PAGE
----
The Euro to US Dollar (EUR/USD) exchange gave up some of its earlier gains on Thursday afternoon as better-than-forecast jobless claims data out of the USA supported the ‘Greenback’. The Euro was holding close to the 9-week high it achieved earlier as improved Eurozone inflation data continued to support.
The Euro to US Dollar (EUR/USD) Exchange Rate Eased To Trade in the Region Of 1.1161
Earlier in the session, the EUR/USD exchange rate reached a session high of 1.1250. The single currency had been buoyed by the release of data, which showed that unemployment in Germany fell to its lowest level in 24 years in April. Separately, Spain’s economy was shown to have expanded by a bigger than expected margin of 0.9%, economists had been forecasting a rise of 0.8%.
The biggest supporter of the Euro however, was data showing that the Eurozone escaped deflation in April. According to Eurostat, inflation ticked up from -0.1% to zero. The improved figure suggests that the European Central Bank’s (ECB) €1 trillion quantitative easing programme is working in helping to send inflation higher.
‘Headline deflation is over. The drag of energy prices on headline inflation should gradually diminish further in the course of this year and our baseline scenario is for headline inflation to slowly rise, surpassing 1% by the end of the year. Taken together with an improving macro outlook, a pickup in bank lending and absent a deepening of the Greek crisis, ECB-president Draghi could face increasing questions about the continued need for quantitative easing in the second half of the year,’ said Teunis Brosens, an economist from ING.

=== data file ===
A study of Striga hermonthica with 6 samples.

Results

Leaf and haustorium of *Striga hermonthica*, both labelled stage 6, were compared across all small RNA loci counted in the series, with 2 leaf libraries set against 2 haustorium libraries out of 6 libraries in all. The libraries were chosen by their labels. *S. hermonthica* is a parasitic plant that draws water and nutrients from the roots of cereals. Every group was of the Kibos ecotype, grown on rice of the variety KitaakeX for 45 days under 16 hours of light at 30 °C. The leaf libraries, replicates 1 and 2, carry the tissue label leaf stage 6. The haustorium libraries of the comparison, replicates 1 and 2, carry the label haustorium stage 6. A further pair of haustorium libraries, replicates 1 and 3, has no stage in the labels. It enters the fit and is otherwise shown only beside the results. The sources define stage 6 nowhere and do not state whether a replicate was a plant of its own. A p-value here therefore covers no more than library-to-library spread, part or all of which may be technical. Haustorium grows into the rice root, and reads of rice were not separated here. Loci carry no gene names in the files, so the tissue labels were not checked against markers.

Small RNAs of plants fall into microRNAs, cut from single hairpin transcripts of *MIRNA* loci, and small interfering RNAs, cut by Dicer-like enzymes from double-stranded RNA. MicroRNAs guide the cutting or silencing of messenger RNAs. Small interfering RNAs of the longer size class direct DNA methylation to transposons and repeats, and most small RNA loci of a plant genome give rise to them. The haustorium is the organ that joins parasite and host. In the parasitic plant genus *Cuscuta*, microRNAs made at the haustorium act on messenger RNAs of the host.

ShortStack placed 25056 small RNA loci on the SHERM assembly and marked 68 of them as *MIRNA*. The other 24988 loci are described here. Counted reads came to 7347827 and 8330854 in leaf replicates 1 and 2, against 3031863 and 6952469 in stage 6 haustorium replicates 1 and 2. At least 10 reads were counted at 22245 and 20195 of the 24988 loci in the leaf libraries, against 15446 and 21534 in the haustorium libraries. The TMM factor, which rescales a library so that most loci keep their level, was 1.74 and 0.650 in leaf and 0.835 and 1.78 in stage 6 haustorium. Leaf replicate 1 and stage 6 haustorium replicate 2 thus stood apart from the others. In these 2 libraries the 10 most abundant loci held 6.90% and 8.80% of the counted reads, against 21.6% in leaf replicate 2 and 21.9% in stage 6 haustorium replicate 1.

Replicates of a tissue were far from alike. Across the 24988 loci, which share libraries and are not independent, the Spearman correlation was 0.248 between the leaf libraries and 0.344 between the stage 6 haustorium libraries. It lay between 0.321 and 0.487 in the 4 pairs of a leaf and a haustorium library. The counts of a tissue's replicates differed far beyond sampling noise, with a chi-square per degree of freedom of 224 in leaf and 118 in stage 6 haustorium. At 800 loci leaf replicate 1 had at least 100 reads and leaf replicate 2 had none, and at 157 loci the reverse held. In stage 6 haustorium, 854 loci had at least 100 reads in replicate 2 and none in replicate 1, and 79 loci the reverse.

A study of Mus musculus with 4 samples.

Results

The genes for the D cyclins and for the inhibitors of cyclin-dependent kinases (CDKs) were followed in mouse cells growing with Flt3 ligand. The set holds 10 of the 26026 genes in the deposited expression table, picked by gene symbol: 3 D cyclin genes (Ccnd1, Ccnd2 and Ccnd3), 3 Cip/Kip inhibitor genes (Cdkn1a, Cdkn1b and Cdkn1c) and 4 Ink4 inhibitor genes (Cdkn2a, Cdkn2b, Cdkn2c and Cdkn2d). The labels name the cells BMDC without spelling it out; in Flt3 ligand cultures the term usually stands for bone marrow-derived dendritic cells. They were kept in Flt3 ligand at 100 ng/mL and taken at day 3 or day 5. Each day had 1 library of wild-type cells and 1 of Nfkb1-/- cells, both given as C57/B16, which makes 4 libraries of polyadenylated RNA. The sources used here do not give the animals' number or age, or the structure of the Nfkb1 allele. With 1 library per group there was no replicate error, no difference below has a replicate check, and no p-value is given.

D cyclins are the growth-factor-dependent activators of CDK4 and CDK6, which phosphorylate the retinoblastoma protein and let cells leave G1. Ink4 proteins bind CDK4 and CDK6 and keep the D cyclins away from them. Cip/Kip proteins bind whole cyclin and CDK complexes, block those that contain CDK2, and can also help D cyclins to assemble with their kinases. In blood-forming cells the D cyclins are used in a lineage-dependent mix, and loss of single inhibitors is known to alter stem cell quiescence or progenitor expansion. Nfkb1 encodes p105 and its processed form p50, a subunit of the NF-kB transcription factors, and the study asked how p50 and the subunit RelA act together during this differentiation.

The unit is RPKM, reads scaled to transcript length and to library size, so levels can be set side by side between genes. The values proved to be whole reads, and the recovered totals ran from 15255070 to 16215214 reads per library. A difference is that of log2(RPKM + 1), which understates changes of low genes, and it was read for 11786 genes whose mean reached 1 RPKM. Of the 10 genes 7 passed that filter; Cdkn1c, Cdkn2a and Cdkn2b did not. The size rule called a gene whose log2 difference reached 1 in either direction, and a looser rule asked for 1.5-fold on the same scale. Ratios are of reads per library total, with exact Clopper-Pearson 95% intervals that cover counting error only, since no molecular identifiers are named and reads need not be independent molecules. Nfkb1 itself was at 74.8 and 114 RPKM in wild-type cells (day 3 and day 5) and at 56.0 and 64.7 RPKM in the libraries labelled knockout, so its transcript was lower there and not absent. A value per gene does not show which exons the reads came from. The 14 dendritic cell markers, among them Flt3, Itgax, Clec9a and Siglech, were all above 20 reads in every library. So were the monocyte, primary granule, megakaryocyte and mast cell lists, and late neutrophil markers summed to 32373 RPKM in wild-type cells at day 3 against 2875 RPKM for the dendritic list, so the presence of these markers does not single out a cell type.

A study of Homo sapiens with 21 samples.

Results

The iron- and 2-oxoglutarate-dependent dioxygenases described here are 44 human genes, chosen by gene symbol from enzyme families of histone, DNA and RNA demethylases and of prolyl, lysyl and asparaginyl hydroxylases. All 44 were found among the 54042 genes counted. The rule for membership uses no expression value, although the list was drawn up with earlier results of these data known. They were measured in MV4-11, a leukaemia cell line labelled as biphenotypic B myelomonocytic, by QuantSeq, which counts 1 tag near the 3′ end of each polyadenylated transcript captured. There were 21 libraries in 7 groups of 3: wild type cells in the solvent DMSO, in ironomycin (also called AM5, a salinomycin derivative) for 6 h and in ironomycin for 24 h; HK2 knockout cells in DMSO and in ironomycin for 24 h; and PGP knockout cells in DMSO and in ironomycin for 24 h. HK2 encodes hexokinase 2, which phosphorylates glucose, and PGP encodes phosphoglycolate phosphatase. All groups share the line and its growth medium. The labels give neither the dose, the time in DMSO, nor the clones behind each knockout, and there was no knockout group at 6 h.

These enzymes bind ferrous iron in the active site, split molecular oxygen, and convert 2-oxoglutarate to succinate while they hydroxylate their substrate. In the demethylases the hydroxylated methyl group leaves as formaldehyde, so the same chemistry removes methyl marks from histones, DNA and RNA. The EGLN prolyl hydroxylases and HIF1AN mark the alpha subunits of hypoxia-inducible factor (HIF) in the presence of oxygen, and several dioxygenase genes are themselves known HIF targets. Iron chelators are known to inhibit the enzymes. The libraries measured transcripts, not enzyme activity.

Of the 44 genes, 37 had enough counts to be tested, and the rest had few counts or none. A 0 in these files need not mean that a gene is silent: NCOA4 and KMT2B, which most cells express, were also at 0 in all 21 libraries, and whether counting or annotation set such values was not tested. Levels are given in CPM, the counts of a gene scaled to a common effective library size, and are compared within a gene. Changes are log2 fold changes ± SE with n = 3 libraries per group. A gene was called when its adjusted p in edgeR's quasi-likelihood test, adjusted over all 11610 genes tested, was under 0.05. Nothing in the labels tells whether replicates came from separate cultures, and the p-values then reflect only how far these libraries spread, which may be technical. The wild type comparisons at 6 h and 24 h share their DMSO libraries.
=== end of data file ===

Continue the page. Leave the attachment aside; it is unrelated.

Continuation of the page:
US Data Supports US Dollar (USD) Exchange Rate
As the session progressed, the US Dollar managed to move away from session lows against the Euro (EUR), Pound Sterling (GBP) and other major peers after data showed that the number of Americans filing for initial unemployment benefits fell to the lowest level in 15-years.
According to the Washington based Department of Labour, the number filing for initial benefits fell by 34,000 to 262,000 in the week ending April 25. Economists had been forecasting for a fall of just 6,000.
Also supporting the ‘Greenback’ was a report out Chicago. Manufacturing activity in the Chicago area improved better than expected in April. The Purchasing Managers Index (PMI) improved to a reading of 52.3 this month, a solid rise from March’s figure of 46.3.
The positive report adds to signs that the US economy will rally strongly in the second quarter.